Summary: CAFC rules on claim construction and priority claim.

Case: Enocean GMBH v. Face Int’l Corp., No. 2012-1645 (Fed. Cir. Jan. 31, 2014) (precedential). On appeal from PTAB in Patent Interference No. 105,755. Before Radar, Lourie, and Prost.

Procedural Posture: Applicant appealed the Board’s decision finding the claims obvious. CAFC vacated in part and remanded.

  • Claim Construction: The Board erred in finding that the term “receiver” invoked means-plus-function under 35 U.S.C. § 112, ¶6. First, the lack of the word “means” entitles the claims to a presumption that they are not means-plus-function claims despite other claims expressly reciting “means” language and similar functional elements. Second, the term “receiver” connotes a sufficiently definite and known structure to those of skill in the art based on scientific literature and expert declarations. Therefore, the CAFC concluded that the term “receiver” is not merely a “black box that performs a recited function” and, thus, does not invoke 35 U.S.C. § 112, ¶6.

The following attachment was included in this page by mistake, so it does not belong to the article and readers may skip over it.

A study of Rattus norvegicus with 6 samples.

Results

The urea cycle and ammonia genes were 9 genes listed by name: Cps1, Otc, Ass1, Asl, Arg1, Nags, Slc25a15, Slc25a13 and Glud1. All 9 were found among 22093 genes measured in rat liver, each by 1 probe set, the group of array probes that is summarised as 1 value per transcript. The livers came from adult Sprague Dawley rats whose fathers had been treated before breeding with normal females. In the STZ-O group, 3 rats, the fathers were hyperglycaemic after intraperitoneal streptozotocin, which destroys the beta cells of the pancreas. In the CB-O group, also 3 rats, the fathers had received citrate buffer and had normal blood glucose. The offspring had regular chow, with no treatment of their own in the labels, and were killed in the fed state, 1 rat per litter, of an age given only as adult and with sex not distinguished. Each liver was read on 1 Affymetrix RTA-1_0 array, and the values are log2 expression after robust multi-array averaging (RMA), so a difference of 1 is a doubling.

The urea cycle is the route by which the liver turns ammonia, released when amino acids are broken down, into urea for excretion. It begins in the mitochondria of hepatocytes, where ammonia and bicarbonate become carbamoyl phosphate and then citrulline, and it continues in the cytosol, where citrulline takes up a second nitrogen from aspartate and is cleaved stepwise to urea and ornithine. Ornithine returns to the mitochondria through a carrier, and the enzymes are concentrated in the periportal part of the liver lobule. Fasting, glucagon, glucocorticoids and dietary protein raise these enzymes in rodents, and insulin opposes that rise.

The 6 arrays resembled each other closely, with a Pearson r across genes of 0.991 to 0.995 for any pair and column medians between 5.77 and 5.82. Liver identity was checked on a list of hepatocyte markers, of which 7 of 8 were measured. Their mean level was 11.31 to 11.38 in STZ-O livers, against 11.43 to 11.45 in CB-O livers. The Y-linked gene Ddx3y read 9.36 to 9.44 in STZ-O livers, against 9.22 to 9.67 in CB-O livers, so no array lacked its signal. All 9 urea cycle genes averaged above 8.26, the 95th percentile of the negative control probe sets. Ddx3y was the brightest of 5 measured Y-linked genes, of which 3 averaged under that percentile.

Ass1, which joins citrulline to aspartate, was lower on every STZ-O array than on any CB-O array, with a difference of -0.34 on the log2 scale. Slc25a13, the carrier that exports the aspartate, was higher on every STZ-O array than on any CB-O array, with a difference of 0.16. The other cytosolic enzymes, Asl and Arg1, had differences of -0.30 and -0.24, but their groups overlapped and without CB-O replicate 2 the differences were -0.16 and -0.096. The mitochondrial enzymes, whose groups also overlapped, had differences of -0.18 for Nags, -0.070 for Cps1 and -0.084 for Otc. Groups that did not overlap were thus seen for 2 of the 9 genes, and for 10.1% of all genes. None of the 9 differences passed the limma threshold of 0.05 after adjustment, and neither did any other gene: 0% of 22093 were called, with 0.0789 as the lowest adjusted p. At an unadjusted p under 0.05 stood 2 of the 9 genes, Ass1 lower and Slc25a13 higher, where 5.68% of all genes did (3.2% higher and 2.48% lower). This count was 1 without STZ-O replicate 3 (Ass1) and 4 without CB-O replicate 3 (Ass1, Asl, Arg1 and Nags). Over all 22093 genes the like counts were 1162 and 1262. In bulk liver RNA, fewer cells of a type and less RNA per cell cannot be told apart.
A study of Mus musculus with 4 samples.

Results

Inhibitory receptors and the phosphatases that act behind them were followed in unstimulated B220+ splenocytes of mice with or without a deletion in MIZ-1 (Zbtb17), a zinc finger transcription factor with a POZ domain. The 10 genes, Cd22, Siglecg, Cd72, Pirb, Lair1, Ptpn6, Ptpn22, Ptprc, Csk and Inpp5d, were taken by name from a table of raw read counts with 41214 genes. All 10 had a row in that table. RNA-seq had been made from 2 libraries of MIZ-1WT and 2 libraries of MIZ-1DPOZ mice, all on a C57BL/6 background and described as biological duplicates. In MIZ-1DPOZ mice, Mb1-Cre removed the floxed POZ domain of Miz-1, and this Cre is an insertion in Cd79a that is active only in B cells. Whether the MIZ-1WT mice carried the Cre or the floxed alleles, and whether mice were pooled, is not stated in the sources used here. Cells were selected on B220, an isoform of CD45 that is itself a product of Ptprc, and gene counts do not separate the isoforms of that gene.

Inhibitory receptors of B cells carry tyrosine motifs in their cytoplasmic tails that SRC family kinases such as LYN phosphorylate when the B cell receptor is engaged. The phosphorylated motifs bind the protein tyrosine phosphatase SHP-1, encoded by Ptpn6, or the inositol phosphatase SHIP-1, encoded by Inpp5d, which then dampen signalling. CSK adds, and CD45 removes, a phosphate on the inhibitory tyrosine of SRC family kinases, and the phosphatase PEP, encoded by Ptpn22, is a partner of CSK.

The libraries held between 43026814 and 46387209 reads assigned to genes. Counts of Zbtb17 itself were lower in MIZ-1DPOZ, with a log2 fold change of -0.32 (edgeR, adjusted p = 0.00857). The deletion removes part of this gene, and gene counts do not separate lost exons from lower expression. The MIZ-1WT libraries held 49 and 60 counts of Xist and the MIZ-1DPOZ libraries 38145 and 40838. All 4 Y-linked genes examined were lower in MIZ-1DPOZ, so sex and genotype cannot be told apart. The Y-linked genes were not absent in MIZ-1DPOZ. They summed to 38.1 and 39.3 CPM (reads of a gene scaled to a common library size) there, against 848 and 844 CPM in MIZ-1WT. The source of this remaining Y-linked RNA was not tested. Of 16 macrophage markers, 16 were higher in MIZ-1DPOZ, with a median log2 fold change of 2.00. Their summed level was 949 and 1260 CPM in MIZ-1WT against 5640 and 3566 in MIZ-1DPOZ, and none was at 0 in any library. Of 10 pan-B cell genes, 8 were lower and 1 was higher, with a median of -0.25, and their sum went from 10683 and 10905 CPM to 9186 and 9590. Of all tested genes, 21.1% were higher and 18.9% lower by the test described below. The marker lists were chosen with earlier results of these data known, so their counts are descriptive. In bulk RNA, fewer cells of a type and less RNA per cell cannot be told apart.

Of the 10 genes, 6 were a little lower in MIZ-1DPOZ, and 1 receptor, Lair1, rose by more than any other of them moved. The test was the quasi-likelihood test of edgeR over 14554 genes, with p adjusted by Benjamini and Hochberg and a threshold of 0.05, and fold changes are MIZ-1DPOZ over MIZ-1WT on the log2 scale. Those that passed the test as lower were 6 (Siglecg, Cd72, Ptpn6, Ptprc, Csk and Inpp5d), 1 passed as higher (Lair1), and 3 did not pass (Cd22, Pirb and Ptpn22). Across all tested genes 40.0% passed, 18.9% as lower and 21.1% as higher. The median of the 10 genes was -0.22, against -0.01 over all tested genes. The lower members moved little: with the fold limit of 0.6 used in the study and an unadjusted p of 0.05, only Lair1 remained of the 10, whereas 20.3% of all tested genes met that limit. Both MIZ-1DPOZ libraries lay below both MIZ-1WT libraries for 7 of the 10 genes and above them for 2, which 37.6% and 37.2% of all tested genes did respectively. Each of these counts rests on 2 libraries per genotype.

• Priority Claim: The Board erred in finding that means-plus-function claims (“means for receiving” claims) were not entitled to claim priority to an earlier foreign application.  The Board applied an incorrect standard of requiring the earlier application to “expressly describe the structure of the receiver.”  In contrast, the mere recitation of the term “receiver” in the earlier application demonstrated that a person of ordinary skill could understand the bounds of the invention because the structure of a receiver was well known as of the filing date.  Therefore, to claim priority to an earlier application, inventors are not obligated to describe well known structures in that application.  This allows patents to remain concise statements of what is new, not cumbersome repetitions of what is already well known.